After a couple months of fun, laughter, discovery, traveling, photo-taking, and Paris, I had to focus more on the "study" part of "study abroad." Yes, it may come as a shock, but I have been attending classes and doing assignments in between all of my European adventures and Parisian discoveries.
Last week is what a typical university student would call "midterms." Quel dommage, I actually had to spend my week studying and taking exams. Pauvre moi. Throughout study time, I had a few experiences that really brought smiles to my face. Most people would say I was just procrastinating. However, after some research, I found that there is no direct translation for the verb "to procrastinate" in the French language, thus it's impossible for me to truly procrastinate in France! This is my theory, at least.
Chocolate Chip Cookies
This past weekend, I spent the majority of my time either sleeping or trying to absorb information from class notes, books, and powerpoint presentations. On Sunday, I decided to take a break from my studies and use the chocolate chips that I single-handedly imported to France. I love to bake, and I tend to bake when I want to take a break from my responsibilities. Thus, I had the perfect opportunity to bake on Sunday afternoon! It was a unique baking experience as I used Madame's old-fashioned scale (in grams, nonetheless) in order to measure out the flour, sugar, etc. Also, I couldn't help but chuckle at her reaction of just how much butter and sugar go into a batch of chocolate chip cookies. After a bit of language-barrier-enhanced recipe interpretation, and ingredient substitution (who knew brown sugar wasn't a staple in French homes), I successfully made a delicious batch of chocolate chip cookies! The whole family enjoyed them, and all 36 of them were polished off within two days. A little taste of America was savored by everyone, including yours truly.
French Story Time
This week, Madame and Monsieur have been hosting their adult children and grandchildren. I must say, it's felt a lot more like one of my own family gatherings with little kids running around everywhere. The children, ages 7, 4, and 1, are very well-behaved, and seem like my own nieces and nephews. I have gotten a full dose of French-little-kid-cuteness this week as Timothé, the little 1 year old grandson, has taken quite a liking to me. He runs up to me with a big smile on his face, arms outstretched, ready for a hug. It's irresistable! It also makes me miss my own 1 year old nephew, who I will get to see upon my return to the homeland. Dinners have been spiced up with childish banter, babies crying and laughing, and parents just trying to get through it all peacefully. The other night, instead of studying for my exams, I complied with the children's request to read them a story. This turned out to be one of my favorite familial experiences thus far, for a couple reasons. First of all, it was a great way for me to practice my French pronunciation and vocabulary. I had the help of 7 year old Lucile, who would correct my pronunciation and define words that I didn't know. Lucile commented that she liked hearing "my funny accent." Secondly, it gave me a real insight to a key in learning a new language. One must truly put aside pride and embarrassment in order to learn a foreign language successfully. I realized this after humbly taking advice from a 7 year old about pronunciation when reading a simple children's story.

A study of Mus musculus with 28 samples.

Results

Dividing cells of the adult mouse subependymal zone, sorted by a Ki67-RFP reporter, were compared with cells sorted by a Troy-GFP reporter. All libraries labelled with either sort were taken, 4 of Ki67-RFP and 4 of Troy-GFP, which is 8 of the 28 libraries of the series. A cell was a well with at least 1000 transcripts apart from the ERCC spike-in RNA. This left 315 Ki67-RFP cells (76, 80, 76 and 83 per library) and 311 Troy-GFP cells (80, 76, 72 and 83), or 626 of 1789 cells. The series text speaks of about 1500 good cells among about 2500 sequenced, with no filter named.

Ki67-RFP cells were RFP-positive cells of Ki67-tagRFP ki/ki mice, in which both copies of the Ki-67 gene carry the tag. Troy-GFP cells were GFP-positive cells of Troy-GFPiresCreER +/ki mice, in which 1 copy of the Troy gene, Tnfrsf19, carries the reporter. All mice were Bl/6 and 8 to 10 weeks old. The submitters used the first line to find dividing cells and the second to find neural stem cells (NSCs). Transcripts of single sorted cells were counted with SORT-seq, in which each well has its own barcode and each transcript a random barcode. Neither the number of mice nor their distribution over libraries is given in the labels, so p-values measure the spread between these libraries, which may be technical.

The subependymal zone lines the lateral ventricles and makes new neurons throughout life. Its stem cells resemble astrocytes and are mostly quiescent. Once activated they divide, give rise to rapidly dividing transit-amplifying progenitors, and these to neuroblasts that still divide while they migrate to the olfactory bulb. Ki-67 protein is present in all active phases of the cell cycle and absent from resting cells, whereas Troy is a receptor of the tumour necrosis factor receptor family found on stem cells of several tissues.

My Little Café Around the Corner
At the beginning of my semester, on one of my neighborhood walks, I stumbled upon a little café right across from the Pont Neuf Bridge. For those of you who are unfamiliar, the Pont Neuf is the oldest bridge in Paris, and just happens to be about 50 yards from my front door. Across from this monumental bridge is a very subtle café, just on the edge of a little neighborhood park in Place Dauphine. It's a quieter corner of a busy area, which may be what keeps bringing me back to this little place. I've been three times now, and each time I am more satisfied about my experience. On my first visit, I simply ordered an espresso. I was let alone to sit and tend to my studies and sip my café for a solid two hours, uninterrupted. Ah, the joy of French café culture: you can sit somewhere and be left alone! The second time I went to this little café, I had the Tomato and Mozzarella Salad... which is the exact reason I returned a third time. This salad is life-changing. Huge chunks of the freshest buffalo mozzarella are alternated with ripe and juicy red tomato slices, both which encircle a small bed (but more like a love-seat) of fresh greens drizzled with the most genius combination of olive oil and sweetened balsamic vinegar. After I had this salad the first time, I thought about it for a solid week and a half. It comes accompanied with the obligatory basket of fresh baguette slices, perfect for soaking up every last bit of olive oil and balsamic vinegar.
After my third time of sitting in this quiet café around the corner, fully engaged in the heavenly plate in front of me, while writing in my journal and reading schoolbooks, something happened. Instead of the standard "au revoir" that is exchanged upon departure from a restaurant, I got an "à bientôt." This change in salutations is huge, because I went from the "goodbye" customer to the "see you soon" customer. That's right, I did it. I became a regular! As one of my good friends once noted, studying abroad is a succession of miniature triumphs and failures. This was definitely on of the triumphs.
The Eiffel Tower in the midst of its famous Light Show - with the Pont Neuf bridge in the foreground. One of the best things about my living situation by far.